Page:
TAT Example

TAT Example

A lot of people have asked why sometimes TAT's they design seem to have no effect.   Here is an example that explains the process.



1 . Explanation Below:Explanation Below:

Explanation Below:

The staff wants specific order codes:

TROP, CKMB, HCG to turn YELLOW @ 30 Minutes; RED @ 45 Minutes AND, they want ALL OTHER order codes to:

turn YELLOW @ 20 Minutes; RED @ 30 Minutes


The thing is that you need to define the TAT's IN A CERTAIN ORDER*, for it to behave they way you want it to. What happens is that when a test matches a TAT, the program stops looking at the other TAT's down the line, so you should have your most restrictive TAT's defined first on down to the least restrictive. In your case you should define the 45-minute, trop-ckmb-hcg tat first, then the 30 minute, trop-ckmb-hcg second. THen define the 30 minute-all test tat, and finally the 20 minute-all test tat.


So in a nutshell: -The code stops evaluating a test on the first matching TAT definition.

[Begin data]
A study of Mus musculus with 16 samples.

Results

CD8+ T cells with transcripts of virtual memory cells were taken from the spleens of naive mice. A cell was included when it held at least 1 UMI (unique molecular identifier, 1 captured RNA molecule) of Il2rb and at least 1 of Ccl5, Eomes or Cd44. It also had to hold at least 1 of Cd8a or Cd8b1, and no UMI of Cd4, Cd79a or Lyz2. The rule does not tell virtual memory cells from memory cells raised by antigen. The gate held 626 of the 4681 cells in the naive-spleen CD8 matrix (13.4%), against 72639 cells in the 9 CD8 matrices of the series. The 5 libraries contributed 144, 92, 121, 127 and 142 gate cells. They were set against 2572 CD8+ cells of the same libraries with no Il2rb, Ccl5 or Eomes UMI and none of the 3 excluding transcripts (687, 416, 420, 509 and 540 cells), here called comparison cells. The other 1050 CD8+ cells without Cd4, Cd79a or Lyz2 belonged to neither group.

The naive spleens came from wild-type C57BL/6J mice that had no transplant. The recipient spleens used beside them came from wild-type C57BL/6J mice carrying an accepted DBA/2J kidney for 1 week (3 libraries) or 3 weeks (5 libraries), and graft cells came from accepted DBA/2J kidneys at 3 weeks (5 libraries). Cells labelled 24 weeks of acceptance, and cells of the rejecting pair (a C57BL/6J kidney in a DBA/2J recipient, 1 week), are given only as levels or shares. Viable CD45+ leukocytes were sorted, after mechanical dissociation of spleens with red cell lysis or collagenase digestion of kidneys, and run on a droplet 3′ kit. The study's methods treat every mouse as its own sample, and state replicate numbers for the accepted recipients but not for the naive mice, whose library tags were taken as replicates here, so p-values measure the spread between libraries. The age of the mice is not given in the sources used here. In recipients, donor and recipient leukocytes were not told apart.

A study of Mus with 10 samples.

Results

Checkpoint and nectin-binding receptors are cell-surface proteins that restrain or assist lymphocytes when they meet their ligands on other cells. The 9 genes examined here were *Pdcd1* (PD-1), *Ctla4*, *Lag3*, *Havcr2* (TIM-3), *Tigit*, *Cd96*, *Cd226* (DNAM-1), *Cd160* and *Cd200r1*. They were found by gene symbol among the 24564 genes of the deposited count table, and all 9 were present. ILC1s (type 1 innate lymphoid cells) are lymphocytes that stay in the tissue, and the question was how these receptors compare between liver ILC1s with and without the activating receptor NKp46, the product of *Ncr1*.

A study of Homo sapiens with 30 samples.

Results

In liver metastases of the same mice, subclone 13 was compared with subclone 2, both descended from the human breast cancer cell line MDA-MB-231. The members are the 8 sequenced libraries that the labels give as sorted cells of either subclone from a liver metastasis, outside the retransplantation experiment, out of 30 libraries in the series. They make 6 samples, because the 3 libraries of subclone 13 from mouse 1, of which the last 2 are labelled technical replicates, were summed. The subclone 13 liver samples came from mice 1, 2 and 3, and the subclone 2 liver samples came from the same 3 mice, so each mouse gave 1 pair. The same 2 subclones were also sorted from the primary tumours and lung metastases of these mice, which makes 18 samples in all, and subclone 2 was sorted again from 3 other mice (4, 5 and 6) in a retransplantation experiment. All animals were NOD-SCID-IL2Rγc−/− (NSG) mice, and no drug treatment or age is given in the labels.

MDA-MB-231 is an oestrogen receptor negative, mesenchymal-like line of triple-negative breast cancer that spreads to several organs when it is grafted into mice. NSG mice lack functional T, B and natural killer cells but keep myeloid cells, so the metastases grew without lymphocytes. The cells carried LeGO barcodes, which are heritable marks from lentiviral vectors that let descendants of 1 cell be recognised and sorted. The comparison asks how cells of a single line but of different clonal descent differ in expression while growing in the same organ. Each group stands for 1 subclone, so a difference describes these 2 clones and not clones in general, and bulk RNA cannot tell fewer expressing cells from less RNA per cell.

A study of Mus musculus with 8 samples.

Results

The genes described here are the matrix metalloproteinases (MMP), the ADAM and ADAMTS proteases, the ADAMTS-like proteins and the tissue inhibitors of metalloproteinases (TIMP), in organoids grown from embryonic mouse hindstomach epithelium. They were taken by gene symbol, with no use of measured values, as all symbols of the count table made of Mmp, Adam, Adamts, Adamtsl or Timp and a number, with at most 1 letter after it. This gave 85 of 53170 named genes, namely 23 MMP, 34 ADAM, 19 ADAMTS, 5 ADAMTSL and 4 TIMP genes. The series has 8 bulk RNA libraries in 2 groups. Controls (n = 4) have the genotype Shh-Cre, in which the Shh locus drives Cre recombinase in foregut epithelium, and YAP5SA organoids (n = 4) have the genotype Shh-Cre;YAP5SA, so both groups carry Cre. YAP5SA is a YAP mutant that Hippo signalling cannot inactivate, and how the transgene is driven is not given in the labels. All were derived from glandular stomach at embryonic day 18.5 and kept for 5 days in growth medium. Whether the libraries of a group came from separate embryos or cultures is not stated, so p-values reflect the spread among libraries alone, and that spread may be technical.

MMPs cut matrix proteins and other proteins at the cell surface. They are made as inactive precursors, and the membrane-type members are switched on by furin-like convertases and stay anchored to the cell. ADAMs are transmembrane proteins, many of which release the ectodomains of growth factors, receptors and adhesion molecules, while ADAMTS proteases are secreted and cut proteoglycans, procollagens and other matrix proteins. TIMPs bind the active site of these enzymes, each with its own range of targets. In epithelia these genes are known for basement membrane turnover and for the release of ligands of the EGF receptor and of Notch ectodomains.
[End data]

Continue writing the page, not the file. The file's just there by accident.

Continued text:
-Define the longest TAT'S, with specific tests first (you don't want a 60 minute old Cardiac turning blue because it was found to exceed the 30 minute TAT when what you really wanted was for it to turn yellow because it exceeds the 45 minute TAT)

-Define shorter TAT's, with specific tests next.

-You can define some TAT's that apply ALL Tests, this should come after the specific test TAT's so it won't override them.

-Again if you have multiple, all test TAT's define the longest TAT's first and then the shorter ones.


*In the current version (1.65) TAT code has been rewritten that should allow you to put TAT’s in whatever order.   However the issue still seems to come up when using the asterisk * 'all test' matching on more than one TAT.   I advise adding TAT’s as you desire without regard to their order, and if they do not behave as you expect, refer to this example.